Team Optimum Nutrition athlete Julian Smith has a killer triceps workout to round out your T-shirt game and bring the back of your arms up to speed. A guy known for his insane quad sweeps and ability to build well-defined muscle all over, Smith is one guy to listen to for muscle-building tips.
"This workout covers all the exercises I like doing for triceps," explains Smith. "During the workout, make sure your muscles are doing all of the work, not just moving as much weight as possible."
Smith is a big fan of slow and controlled negatives and getting as much out of every exercise as possible. Take this triceps workout for a spin and you'll see—this is one sleeve-splitting workout you'll want to keep!
"Going wide with your elbows tucked in puts the emphasis on the long head of the triceps," Smith explains. "The long head is a part of the muscle most people neglect."
With a compound movement like skullcrushers, the tendency is to go fast and explosive, but, according to Smith, that may not be the best way to build muscle. Keep your reps slow and controlled, making sure you have good form the entire time. Make sure you're in control of the weight and not letting the weight control you.
Wide-Grip Triceps Push-down
Go wide on the grip for the push-down to keep the emphasis in the long head of the triceps. Keep your elbows tucked in, and pause slightly at the bottom during the full contraction to really make those triceps burn.
"When you do extensions like this on a cable, you're going to be able to put the full tension of the weight in the muscle at the bottom of each rep," says Smith.
Extending the time under tension in this way helps build muscle and, as fans of Smith know, it doesn't require super-heavy weight to be effective.
"I like to slow down and get the most out of each exercise," says Smith. "It's about slowing things down, not really focusing on how much weight you're doing, but instead paying attention to the full contraction and the full negative."
Dumbbell Overhead Extension
For the overhead extension, you're still going slow and controlled, but with explosive positives. Focus on form, no matter what.
"One thing to focus on with this exercise is actually getting your triceps to do the work," says Smith. "I know a lot of people who just go through the motion and feel the burn somewhere else—in their traps or their rear delts."
Whichever muscle you're working on should be the only muscle that burns because it should be doing all of the work. As you're performing each of these exercises, focus on the triceps. Focus on the stretch as you bend your elbows back each time and the contraction in the triceps as you extend.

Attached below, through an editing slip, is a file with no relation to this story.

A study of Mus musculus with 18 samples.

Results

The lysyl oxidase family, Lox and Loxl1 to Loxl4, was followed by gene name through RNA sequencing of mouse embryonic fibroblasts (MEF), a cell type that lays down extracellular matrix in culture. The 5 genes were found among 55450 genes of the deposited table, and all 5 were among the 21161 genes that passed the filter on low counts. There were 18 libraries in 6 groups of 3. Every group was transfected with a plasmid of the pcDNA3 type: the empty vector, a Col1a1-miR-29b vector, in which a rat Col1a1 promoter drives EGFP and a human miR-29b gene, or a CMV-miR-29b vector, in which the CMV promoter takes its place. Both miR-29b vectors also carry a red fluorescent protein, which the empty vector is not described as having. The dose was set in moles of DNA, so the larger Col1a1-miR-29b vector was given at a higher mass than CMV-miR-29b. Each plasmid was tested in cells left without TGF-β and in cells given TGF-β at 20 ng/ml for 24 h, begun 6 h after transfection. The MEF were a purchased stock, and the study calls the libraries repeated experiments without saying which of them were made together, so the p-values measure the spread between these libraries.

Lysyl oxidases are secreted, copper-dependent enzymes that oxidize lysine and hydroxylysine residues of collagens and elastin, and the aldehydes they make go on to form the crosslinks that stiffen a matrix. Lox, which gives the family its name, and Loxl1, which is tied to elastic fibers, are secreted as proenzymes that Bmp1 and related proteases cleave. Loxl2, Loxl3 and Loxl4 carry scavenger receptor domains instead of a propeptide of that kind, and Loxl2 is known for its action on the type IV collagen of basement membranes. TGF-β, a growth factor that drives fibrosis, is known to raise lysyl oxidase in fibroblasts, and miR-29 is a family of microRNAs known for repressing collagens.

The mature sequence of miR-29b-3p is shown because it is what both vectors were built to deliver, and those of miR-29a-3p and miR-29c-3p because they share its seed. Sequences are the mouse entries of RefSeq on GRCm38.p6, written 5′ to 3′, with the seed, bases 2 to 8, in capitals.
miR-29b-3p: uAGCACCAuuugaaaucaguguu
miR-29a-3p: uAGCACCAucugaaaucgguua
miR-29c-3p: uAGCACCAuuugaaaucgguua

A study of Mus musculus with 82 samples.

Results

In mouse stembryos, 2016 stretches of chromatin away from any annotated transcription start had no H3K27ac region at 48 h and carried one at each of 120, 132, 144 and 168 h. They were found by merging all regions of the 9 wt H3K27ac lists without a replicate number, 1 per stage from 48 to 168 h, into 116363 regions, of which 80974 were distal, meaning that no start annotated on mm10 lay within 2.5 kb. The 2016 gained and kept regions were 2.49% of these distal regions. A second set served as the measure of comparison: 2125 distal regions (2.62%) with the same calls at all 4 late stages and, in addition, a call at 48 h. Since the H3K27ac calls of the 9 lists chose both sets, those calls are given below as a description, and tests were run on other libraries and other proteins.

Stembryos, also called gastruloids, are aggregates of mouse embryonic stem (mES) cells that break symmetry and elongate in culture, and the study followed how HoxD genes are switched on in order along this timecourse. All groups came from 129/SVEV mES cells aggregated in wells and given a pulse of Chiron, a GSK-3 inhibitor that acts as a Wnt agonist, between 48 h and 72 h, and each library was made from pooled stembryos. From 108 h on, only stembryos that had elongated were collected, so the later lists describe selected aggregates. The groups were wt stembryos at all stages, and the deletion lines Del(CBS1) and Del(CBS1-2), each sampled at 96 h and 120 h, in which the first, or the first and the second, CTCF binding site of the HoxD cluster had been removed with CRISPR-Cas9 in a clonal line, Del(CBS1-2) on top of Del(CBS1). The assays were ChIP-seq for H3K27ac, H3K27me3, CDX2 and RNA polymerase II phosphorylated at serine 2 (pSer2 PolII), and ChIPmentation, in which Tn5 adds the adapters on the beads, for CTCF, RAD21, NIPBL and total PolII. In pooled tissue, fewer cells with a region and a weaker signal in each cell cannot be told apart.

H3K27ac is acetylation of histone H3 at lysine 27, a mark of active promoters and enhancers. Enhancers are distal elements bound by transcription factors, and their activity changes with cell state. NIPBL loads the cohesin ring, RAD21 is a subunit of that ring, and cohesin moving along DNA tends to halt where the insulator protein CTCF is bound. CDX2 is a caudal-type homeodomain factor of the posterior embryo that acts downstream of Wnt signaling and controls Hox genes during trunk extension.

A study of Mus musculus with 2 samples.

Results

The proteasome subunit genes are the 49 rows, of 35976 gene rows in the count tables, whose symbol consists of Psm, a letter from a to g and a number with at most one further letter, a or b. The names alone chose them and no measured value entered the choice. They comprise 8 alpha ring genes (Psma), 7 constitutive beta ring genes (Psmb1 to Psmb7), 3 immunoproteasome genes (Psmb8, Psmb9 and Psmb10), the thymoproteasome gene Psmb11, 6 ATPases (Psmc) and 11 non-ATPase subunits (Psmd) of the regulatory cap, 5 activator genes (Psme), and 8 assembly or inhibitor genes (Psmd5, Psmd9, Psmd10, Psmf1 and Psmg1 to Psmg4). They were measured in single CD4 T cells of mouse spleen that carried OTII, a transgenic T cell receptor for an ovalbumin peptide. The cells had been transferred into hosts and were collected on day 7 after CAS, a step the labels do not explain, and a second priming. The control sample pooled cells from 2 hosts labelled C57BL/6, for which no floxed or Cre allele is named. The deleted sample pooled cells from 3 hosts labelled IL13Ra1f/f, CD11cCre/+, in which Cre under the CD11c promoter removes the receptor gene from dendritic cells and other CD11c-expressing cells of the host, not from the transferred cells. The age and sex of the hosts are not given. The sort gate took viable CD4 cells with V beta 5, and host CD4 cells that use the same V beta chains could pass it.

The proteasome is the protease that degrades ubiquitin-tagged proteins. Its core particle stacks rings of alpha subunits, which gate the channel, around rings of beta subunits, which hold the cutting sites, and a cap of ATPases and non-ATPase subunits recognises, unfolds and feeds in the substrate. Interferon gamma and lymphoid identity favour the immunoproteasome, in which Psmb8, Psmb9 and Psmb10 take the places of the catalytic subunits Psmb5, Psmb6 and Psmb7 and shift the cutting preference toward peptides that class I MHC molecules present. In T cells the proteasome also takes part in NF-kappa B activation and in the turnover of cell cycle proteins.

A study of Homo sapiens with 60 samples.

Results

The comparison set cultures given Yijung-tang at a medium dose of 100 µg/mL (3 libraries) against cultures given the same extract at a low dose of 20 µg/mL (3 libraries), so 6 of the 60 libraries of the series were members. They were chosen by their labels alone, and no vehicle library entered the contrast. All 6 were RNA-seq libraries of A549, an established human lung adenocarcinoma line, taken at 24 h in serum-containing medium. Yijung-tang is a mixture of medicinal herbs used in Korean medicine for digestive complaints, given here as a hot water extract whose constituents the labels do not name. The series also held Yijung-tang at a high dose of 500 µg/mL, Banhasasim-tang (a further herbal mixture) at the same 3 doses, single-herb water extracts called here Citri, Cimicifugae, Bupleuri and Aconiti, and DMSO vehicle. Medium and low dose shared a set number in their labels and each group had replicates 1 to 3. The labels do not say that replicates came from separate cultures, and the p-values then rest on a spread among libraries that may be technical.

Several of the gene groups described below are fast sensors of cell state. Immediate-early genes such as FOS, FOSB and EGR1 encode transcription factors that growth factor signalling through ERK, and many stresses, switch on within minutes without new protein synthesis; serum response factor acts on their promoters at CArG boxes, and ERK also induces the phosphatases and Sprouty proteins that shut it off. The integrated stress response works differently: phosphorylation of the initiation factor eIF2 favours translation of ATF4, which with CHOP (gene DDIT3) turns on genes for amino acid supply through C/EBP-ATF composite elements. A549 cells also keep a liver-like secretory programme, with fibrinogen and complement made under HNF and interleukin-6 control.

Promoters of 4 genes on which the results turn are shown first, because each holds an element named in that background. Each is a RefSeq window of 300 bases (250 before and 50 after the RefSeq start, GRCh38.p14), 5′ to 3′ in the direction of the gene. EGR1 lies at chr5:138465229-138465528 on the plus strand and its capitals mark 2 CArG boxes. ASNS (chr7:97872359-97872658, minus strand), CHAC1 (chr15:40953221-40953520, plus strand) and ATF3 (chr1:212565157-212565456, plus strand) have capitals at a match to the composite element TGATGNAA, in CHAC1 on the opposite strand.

Bodyweight Triceps Extensions
Just like push-ups and pull-ups, Smith prefers to work to failure on this exercise since it's bodyweight work. This movement is going to be different for everyone since we're all built a little differently—some of us have longer length in our arms compared to others.
"You want to tinker with the form to make sure you're in a position that's going to work best for you," suggests Smith.
Get into a 90-degree angle with your arms when you're in the starting position on the floor, and as you press up, make sure you're contracting with the triceps.
"You might be a little too far back if you're feeling too much pressure in the shoulders or the wrists," says Smith, "When you have perfect form, you'll only feel it in the triceps."
If you can't do a full bodyweight triceps extension, drop your knees down to the floor. This will take a big load off your arms and allow you to work your way up to the more advanced version of the exercise. Work on form first, and make sure you're getting the best contraction possible.
Smith recommends using this workout any time you work your triceps.
"You can pair it up however you like," says Smith. "I like to keep my splits simple, like chest and triceps, or biceps and triceps."
Whatever your split may be, this workout will be perfect for building muscle in your arms. You're stimulating as many triceps muscle fibers as possible by hitting different rep ranges, different pauses on the contraction, different negatives, and even taking advantage of body weight.